State legislators need to be more innovative, and not just merely complain about Albany
Tom Rivers, editor of the Orleans Hub, provided a good recap of a local legislators gathering in Albion on Jan. 25. Assemblymen Hawley and Norris and State Senator Robert Ortt are good dedicated folks doing an often tough frustrating job. But support does not necessarily mean agreement.
Norris states, among other things, that he wants, “… residents better equipped to excel in the economy.” Hawley on the other hand isn’t keen on raising the minimum wage. If you raise the minimum wage (which Hawley opposes) aren’t you enabling residents to be better equipped to excel in the economy (which Norris desires)? These are two people acting on our behalf who aren’t even on the same page.
Hawley’s concern is the impact that a raise in the minimum wage would have on businesses. It’s a legitimate concern. Hawley’s thinking however is out of date – about 100 years out of date.
In 1914 Henry Ford made an announcement that shocked the country, causing the financial editor at The New York Times to stutter, “Is he crazy?” with further predictions that Ford Motor Company would soon be bankrupt.
Henry Ford began paying his employees $5.00 a day, over twice the average wage for automakers in 1914. He also cut the workday from 9 hours to 8 hours. In that year the Ford Motor Company sold 308,000 cars – more than all other carmakers combined – and set new records for profitability. A year later sales were up to 501,000. In 1919 Ford raised wages to $6.00 a day – and the wage hike produced even higher production numbers. By 1920 Ford was selling a million cars a year.
Henry Ford had several reasons for doing this. But paramount was his understanding that “The owner, the employees, and the buying public are all one and the same, and unless an industry can so manage itself as to keep wages high and prices low it destroys itself, for otherwise it limits the number of its customers.” One might conclude that things have changed since that time. They have. But nothing that was done 1914 is beyond our capacity or reason in 2019.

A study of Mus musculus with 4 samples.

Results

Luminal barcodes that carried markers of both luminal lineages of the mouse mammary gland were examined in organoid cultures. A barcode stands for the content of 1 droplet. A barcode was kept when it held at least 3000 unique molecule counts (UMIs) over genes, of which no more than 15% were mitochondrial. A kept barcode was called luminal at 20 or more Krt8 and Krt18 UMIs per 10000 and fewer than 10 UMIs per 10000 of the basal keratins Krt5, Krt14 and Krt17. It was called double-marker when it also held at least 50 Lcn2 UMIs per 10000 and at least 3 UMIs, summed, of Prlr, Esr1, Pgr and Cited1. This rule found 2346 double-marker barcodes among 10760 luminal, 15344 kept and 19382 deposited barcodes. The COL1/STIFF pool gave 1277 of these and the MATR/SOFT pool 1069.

Assemblyman Hawley makes speaking points that higher costs and regulations discourage business growth. Since we’ve debunked the first point, I’ll make a brief point about the second. I would remind anyone listening that the U.S. Patent Office, the Department of Motor Vehicles, labor unions and the five day work week, the Clean Air and Water Act and non-discrimination based on age, gender, race or religion all fall under the “regulations” banner.
“We need less regulation” may play well at face value in front of unchallenging constituents. However most businesses want their intellectual property protected and most of us want to be paid overtime or to go to a restaurant that isn’t re-using dishwater. Regulation, conformity and enforcement of standards are necessary. If some regulations are deemed excessive – then address them directly – but let’s dispense with the political sound bites and generalities – we’re better than that.
Norris states that “Rural counties are not getting the attention they deserve.” Um – isn’t that why you’re there Mr. Norris? To get us the attention we deserve? Or is there some other reason you showed up to work today?
Since it looks like our legislators are going to get a $50,500 increase in their annual salaries, I’d like to challenge them all to become legislative innovators and thinkers – not mere complainers and echo chambers. I’m pleased Assemblyman Hawley is still “energized” after 13 years – but if one is going to simply sit in the same box does it matter?